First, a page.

Zachary Godwin, a junior specialist in the Department of Pathology and Laboratory Medicine, has been selected to receive the National Academy of Clinical Biochemistry Distinguished Abstract Award for a study assessing the impact of accurate glucose measurements on severely burned patients.
Godwin will accept the award at the annual meeting of the American Association for Clinical Chemistry in July. The abstract will be published in the October 2012 issue of the journal Clinical Chemistry.
Godwin worked on the abstract with Nam Tran, assistant professor of pathology and laboratory medicine. Their study found that accurate glucose measurements improve blood-glucose control in patients with severe burns. It was already known that high or low blood-glucose levels, as well as a high variability in blood glucose, contribute to adverse outcomes in intensive care unit patients.
Godwin and Tran hypothesized that inadequate blood-glucose control is due in part to inaccurate hourly glucose measurements performed at the bedside to guide insulin therapy. Existing glucose meters are calibrated to work within a normal range of the percentage of red blood cells, known as hematocrit, found in samples. However, existing meters become more inaccurate as the percentage of hematocrit fluctuates above or below the normal range.
In ICU patients, and especially burn patients, hematocrit tends to be low due to frequent blood loss from testing, surgeries and the injuries themselves. Low levels of hematocrit cause existing glucose meters to falsely report high levels, readings that potentially could lead to more insulin use.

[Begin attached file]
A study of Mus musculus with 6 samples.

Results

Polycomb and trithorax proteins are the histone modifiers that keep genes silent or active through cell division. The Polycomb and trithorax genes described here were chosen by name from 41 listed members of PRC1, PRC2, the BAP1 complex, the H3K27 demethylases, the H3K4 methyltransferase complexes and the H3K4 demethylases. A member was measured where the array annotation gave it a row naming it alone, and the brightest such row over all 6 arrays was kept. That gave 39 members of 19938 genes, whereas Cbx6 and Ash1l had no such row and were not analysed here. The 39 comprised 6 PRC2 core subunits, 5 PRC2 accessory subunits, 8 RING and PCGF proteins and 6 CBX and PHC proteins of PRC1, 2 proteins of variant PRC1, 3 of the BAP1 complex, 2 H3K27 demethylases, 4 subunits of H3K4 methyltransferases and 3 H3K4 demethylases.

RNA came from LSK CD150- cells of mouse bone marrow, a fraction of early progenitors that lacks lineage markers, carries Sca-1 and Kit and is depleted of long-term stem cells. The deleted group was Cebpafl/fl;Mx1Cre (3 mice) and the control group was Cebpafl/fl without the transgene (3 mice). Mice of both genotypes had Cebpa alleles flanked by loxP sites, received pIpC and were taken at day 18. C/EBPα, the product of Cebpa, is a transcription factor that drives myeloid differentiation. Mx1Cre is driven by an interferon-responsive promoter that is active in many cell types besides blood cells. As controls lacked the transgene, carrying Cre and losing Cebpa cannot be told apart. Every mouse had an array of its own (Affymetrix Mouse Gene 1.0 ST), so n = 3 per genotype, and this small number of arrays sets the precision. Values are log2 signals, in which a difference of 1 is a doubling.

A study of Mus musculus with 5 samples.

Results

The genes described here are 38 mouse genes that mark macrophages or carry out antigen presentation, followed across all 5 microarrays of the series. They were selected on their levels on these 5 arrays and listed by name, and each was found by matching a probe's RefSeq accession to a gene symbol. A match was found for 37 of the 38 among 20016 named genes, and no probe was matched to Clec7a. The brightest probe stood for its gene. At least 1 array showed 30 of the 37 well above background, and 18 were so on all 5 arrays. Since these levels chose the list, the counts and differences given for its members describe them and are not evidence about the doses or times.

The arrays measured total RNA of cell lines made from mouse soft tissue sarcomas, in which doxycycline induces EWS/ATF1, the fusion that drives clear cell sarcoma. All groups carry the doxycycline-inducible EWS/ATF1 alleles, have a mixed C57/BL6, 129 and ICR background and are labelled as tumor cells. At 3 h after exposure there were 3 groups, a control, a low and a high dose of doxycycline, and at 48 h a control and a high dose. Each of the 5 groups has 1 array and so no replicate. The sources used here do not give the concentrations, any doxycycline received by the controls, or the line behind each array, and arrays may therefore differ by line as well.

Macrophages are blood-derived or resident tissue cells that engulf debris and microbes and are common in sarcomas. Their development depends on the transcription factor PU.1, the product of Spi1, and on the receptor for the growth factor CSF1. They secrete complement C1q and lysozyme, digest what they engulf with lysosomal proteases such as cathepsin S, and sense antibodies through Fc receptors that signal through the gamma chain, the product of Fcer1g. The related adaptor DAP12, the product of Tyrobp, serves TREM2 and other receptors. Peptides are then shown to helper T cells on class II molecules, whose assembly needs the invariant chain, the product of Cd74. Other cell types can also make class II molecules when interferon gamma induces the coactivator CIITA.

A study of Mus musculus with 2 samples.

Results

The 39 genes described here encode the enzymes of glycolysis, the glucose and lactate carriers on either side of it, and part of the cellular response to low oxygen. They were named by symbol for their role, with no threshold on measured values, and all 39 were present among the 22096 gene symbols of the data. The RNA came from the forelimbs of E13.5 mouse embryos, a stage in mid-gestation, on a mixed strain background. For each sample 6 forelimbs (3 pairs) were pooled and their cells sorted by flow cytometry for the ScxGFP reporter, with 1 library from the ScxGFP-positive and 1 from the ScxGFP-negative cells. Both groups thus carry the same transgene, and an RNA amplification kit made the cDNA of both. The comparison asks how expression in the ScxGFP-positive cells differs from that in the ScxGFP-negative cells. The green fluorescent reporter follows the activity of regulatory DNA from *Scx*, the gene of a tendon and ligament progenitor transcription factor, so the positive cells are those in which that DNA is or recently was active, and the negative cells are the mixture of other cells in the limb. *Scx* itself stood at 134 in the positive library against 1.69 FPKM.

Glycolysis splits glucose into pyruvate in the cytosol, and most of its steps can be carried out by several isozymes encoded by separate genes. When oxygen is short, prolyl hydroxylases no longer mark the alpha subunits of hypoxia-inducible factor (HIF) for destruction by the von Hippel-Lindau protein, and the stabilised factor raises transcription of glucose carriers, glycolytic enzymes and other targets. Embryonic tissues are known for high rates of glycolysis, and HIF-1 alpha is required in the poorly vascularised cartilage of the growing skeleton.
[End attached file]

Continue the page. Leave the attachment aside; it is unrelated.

For their study, Godwin and Tran used new glucose meters that automatically correct for hematocrit levels, high or low, to improve accuracy. They randomly assigned burn patients to receive either a traditional or new meter. The patients with the new, autocorrecting devices had more accurate measurements, less insulin requirements, less blood-glucose variability and fewer adverse events stemming from hyperglycemia and hypoglycemia.
In contrast, patients with the traditional meters required more insulin, had more blood-glucose variability, and experienced significantly more adverse events related to hyperglycemia and hypoglycemia.
Godwin and Tran conclude that their findings can apply to other ICU patients, such as surgical trauma patients. In addition, they suggest that accurate glucose measurements can improve the management of diabetic ICU patients who are more susceptible to glycemic excursions.
The study was a pilot supported by the UC Davis Clinical Translational Science Center's Mentored Clinical Research Training Program (MCRTP). Tran is a first-year scholar in the MCRTP, and Godwin is his primary researcher on the study of glycemic control. They plan to expand the study to determine the effect of accurate versus inaccurate blood-glucose measurements on mortality in ICU patients.